The headlights got very different ratings based on trim level. The headlights are rated Poor on L through XLE trim levels, Acceptable on Limited, and Good only for Platinum.

Crash test ratings are all Good, and the Front Crash Prevention tests are all Superior.

Overall, a great test result, but too bad the headlights are so inconsistent across trims.
 


The headlights got very different ratings based on trim level. The headlights are rated Poor on L through XLE trim levels, Acceptable on Limited, and Good only for Platinum.

Crash test ratings are all Good, and the Front Crash Prevention tests are all Superior.

Overall, a great test result, but too bad the headlights are so inconsistent across trims.
The Palisade, Telluride, Ascent, Pilot and CX-9 all were TSPs as well. The non-Asian brands didn't get it.

 


I really thought that with a redesign for 2020, Highlander would pass all of the tests easily. I guess the new headlight standards really add that much cost to the car to have a noticeable effect on the price tag on lower trims?!?

 

 


The 2019 scored Acceptable on headlights for all trim levels. They didn't complain about as much glare on that one.

The crash test ratings for 2020 are Good all across the board, while 2019 got a lesser rating in the small front overlap test.

IIHS is definitely raising the bar, which I think is a good thing.
 

A wider static beam pattern, specifically, a wider hotspot in the static beam pattern.
 

for models coming off the line today.
 


Any company can be 1 maybe 2 steps behind and catch up, but 3, 4, 5 or more steps is very hard, and while they have a great reputation, that along won't allow them to grow or maintain the #1 spot and won't matter, if they aren't selling many.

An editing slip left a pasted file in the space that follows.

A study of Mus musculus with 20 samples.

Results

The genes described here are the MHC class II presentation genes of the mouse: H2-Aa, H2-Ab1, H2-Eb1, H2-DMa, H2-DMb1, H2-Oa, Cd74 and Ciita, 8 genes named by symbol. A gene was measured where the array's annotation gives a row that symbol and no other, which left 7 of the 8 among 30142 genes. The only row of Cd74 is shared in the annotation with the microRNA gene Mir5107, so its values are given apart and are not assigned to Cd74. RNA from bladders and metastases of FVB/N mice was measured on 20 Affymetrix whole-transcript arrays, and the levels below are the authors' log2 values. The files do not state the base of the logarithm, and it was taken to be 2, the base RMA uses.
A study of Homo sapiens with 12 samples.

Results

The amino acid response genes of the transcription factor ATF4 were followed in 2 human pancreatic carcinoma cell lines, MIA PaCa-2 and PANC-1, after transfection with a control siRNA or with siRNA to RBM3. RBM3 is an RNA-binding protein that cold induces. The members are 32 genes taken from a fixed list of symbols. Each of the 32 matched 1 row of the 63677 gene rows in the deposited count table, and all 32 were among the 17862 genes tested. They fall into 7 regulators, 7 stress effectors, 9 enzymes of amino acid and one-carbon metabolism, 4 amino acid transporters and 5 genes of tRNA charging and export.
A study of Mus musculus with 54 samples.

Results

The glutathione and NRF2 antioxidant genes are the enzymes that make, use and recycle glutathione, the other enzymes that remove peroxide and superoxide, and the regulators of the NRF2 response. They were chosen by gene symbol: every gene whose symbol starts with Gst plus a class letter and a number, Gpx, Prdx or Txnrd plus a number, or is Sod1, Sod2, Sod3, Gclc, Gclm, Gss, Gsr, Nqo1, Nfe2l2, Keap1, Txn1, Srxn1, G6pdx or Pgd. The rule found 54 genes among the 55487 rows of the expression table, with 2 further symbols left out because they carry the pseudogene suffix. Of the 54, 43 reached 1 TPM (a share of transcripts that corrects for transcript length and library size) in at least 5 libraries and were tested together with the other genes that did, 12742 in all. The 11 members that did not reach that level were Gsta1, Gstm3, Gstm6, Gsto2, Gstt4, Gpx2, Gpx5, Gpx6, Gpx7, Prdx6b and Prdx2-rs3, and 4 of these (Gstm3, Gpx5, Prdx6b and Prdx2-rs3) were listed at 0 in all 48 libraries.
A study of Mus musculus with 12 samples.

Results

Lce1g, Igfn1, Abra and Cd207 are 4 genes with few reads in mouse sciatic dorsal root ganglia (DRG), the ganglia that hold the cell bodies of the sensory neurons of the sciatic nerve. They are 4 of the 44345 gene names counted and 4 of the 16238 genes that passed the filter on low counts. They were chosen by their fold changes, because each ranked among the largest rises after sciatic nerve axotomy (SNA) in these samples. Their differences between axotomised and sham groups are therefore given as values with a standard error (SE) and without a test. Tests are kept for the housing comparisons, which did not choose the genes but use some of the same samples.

Yes it will be interesting to see what the next year or 2 bring from all these companies, but it looks like it's Toyota that will need to start catching up, a place they aren't real familiar with.
 

Telluride was rated Acceptable on headlights on SX trim, and Poor on the others.
Palisade was rated Good on headlights for Limited and for SEL with an option package, and Marginal on the other trims.
They also got dinged for the ease-of-use (or lack thereof) on the LATCH anchors.

I still say that Toyota is finally on par with everybody else in this market segment for the moment. Nobody is really behind, and nobody is really outstanding. There's a lot of buzz about the "Korea twins" around here, but I don't see them leading the pack. They jumped into a competitive market with a good product at a good price, but I don't think they're any better or worse than anyone else, just different.

Will the same be true in a year or two? Who knows? Toyota is sometimes slow to adapt to changes around them, especially when it comes to tech. They tend to catch up in spurts with re-designs or mid-generation updates rather than a steady evolution from year to year.
 


Any company can be 1 maybe 2 steps behind and catch up, but 3, 4, 5 or more steps is very hard, and while they have a great reputation, that along won't allow them to grow or maintain the #1 spot and won't matter, if they aren't selling many.

Yes it will be interesting to see what the next year or 2 bring from all these companies, but it looks like it's Toyota that will need to start catching up, a place they aren't real familiar with.
We specifically went in to buy a high end trim RAV4 or HL in December 2018, and ended up with an Avalon Limited for significantly less money, and got a lot more content.

IMO, Toyota is only including higher end content where they have to (or want to) in order to gain/protect market share. Example, on the 2019 Avalon redesign, the Limited and Touring interiors are great (again IMO) relative to the lower XLE models. Very fashionable colors and style, and an almost luxury experience. The same headlight issue exists too between the lower models and the higher end models.

IMO, they did that because they sense an opportunity for more market share in a generally declining market (sedans-cars). They know people will buy the HL and RAV4 for their reliablilty almost blindly because its a Toyota. The Korean twins are messing with the plan though for all manufacturers and if they can ever get their dealership experience anywhere near the Toyota dealership experience, then Toyota may have a problem.